Swedish Economy Heats Up With Riksbank Looking to Hike Rates
(Bloomberg) -- Sweden’s economic growth unexpectedly accelerated in the second quarter as consumer spending and exports picked up, lending support to the central bank’s plan to start unwinding its record stimulus later this year.
Gross domestic product grew 1.0 percent in the period, accelerating from a revised 0.8 percent in the first three months of 2018 and beating the 0.5 percent estimate in a Bloomberg survey. GDP grew 3.3 percent from a year earlier. The krona climbed 0.6 percent to 10.24 per euro as of 10:01 a.m.
The largest Nordic economy is in the midst of the longest expansion since at least the early 1980s after 20 consecutive quarters of growth. The boom has in part been fueled by a record wave of immigration since 2015 and has driven employment to a record high level and public debt to the lowest since 1977.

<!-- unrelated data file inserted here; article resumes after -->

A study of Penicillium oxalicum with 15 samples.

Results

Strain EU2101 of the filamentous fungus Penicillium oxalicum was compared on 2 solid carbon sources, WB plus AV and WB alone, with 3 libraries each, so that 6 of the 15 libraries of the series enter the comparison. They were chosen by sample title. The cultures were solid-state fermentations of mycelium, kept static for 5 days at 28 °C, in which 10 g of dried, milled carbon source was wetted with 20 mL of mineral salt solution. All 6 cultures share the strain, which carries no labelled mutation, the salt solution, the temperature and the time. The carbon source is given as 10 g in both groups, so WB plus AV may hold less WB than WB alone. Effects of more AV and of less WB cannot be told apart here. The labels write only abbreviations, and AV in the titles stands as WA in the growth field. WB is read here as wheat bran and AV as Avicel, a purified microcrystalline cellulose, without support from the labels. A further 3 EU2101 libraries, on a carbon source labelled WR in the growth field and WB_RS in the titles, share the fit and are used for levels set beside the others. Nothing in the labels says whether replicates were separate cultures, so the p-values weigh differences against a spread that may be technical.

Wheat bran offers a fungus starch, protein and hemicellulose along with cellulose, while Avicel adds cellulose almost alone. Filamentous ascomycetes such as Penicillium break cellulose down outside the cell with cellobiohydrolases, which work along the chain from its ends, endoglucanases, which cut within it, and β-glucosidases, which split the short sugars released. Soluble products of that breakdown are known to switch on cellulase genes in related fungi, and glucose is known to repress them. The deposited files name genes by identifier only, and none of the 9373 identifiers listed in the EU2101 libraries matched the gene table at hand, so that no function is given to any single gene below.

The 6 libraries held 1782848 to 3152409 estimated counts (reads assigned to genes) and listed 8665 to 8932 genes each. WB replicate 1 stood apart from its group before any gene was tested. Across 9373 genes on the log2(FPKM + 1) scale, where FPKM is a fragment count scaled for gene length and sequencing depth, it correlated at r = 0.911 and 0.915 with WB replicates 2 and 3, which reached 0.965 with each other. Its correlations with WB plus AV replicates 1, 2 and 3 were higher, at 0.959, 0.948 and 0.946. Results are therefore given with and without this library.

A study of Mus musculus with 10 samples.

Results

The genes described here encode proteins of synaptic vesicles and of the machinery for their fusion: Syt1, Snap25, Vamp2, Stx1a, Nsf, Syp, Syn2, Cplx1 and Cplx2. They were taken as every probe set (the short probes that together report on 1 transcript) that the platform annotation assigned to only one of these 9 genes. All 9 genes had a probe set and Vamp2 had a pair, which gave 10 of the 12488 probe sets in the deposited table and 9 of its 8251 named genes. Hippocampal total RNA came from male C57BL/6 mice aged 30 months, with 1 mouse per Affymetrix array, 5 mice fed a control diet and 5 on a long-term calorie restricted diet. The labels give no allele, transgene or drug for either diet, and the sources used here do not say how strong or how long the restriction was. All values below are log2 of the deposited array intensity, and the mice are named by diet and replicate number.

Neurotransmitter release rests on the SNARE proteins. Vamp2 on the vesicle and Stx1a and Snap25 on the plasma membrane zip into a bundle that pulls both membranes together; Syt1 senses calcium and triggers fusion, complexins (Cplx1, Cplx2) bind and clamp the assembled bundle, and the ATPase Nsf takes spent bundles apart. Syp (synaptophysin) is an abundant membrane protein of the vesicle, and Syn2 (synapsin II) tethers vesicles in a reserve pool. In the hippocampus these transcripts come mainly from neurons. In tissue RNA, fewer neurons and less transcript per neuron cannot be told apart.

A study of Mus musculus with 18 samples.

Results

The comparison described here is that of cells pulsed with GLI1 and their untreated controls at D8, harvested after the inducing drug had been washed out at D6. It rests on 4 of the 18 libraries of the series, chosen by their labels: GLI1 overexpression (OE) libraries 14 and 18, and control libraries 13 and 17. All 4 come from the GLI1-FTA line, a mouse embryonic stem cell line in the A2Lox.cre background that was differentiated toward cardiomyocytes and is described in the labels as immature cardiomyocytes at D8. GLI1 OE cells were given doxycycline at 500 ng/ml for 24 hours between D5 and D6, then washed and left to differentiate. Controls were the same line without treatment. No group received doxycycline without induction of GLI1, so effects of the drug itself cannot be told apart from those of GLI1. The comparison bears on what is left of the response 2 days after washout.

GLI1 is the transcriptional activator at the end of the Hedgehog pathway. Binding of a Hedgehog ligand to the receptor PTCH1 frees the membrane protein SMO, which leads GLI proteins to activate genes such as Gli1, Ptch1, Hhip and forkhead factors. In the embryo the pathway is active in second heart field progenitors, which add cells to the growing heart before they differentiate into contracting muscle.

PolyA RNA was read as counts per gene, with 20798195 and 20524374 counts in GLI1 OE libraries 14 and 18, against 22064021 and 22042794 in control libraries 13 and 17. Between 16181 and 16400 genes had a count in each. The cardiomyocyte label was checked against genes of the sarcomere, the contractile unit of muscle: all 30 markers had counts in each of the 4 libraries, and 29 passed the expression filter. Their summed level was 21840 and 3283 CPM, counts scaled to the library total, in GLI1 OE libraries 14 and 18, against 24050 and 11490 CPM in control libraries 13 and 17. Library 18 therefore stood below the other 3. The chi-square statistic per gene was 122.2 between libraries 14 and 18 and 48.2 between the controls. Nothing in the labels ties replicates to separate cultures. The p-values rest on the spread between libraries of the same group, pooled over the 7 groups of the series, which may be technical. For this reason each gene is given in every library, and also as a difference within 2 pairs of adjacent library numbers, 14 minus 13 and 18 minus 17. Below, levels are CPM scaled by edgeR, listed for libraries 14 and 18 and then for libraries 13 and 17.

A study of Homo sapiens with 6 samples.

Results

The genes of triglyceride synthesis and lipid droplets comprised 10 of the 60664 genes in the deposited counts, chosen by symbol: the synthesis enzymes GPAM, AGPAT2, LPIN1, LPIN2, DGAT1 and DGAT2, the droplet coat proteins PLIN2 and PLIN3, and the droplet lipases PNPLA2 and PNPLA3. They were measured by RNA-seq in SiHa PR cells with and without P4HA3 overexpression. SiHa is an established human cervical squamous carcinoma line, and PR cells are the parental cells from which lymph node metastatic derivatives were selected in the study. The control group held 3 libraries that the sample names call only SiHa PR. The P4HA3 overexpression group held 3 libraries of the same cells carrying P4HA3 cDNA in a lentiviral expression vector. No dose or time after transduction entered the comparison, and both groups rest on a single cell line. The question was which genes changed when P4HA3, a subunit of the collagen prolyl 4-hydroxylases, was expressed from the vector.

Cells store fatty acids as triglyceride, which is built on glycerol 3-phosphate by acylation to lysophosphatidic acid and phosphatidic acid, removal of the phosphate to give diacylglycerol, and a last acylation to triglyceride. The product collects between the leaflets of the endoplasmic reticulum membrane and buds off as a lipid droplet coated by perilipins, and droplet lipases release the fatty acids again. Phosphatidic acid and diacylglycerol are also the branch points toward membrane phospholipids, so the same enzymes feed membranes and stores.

“This was a surprisingly good figure,” said Olle Holmgren, an analyst at SEB AB. “If we look at the underlying drivers we see that exports are doing really well and consumption is continuing to stay strong. But we remain cautious in our interpretation of a single quarter.”
Consumer spending showed resilience in the quarter after optimism had waned following sharp declines in the housing market late last year. Interest rates are at rock-bottom, but the central bank has flagged it will start raising rates from a record low of minus 0.5 percent toward the end of the year after unleashing record stimulus over the past four years to stabilize inflation.
Consumer spending rose 0.9 percent in the quarter while investments fell 0.2 percent, according to Statistics Sweden. Exports increased 0.5 percent and imports slid 0.1 percent.
“The Riksbank have been very clear that they are focusing on inflation, but on the margin this could increase probability for a rate hike,” said Holmgren. “But we don’t see reason to to change our forecast due to this. We still believe in a first rate hike in April next year."
Nordea Bank AB said that the composition of the expansion wasn’t “that impressive” with inventories contributing to the expansion more than expected.
Read more: See table for components
“It’s an exciting situation with inflation around target and a continued strong growth in the economy,” said Torbjorn Isaksson, chief analyst at Nordea. “A rate hike this year can’t be ruled out, but I still don’t think it will happen since the majority on the governing board still doesn’t believe that inflation is on solid ground yet.”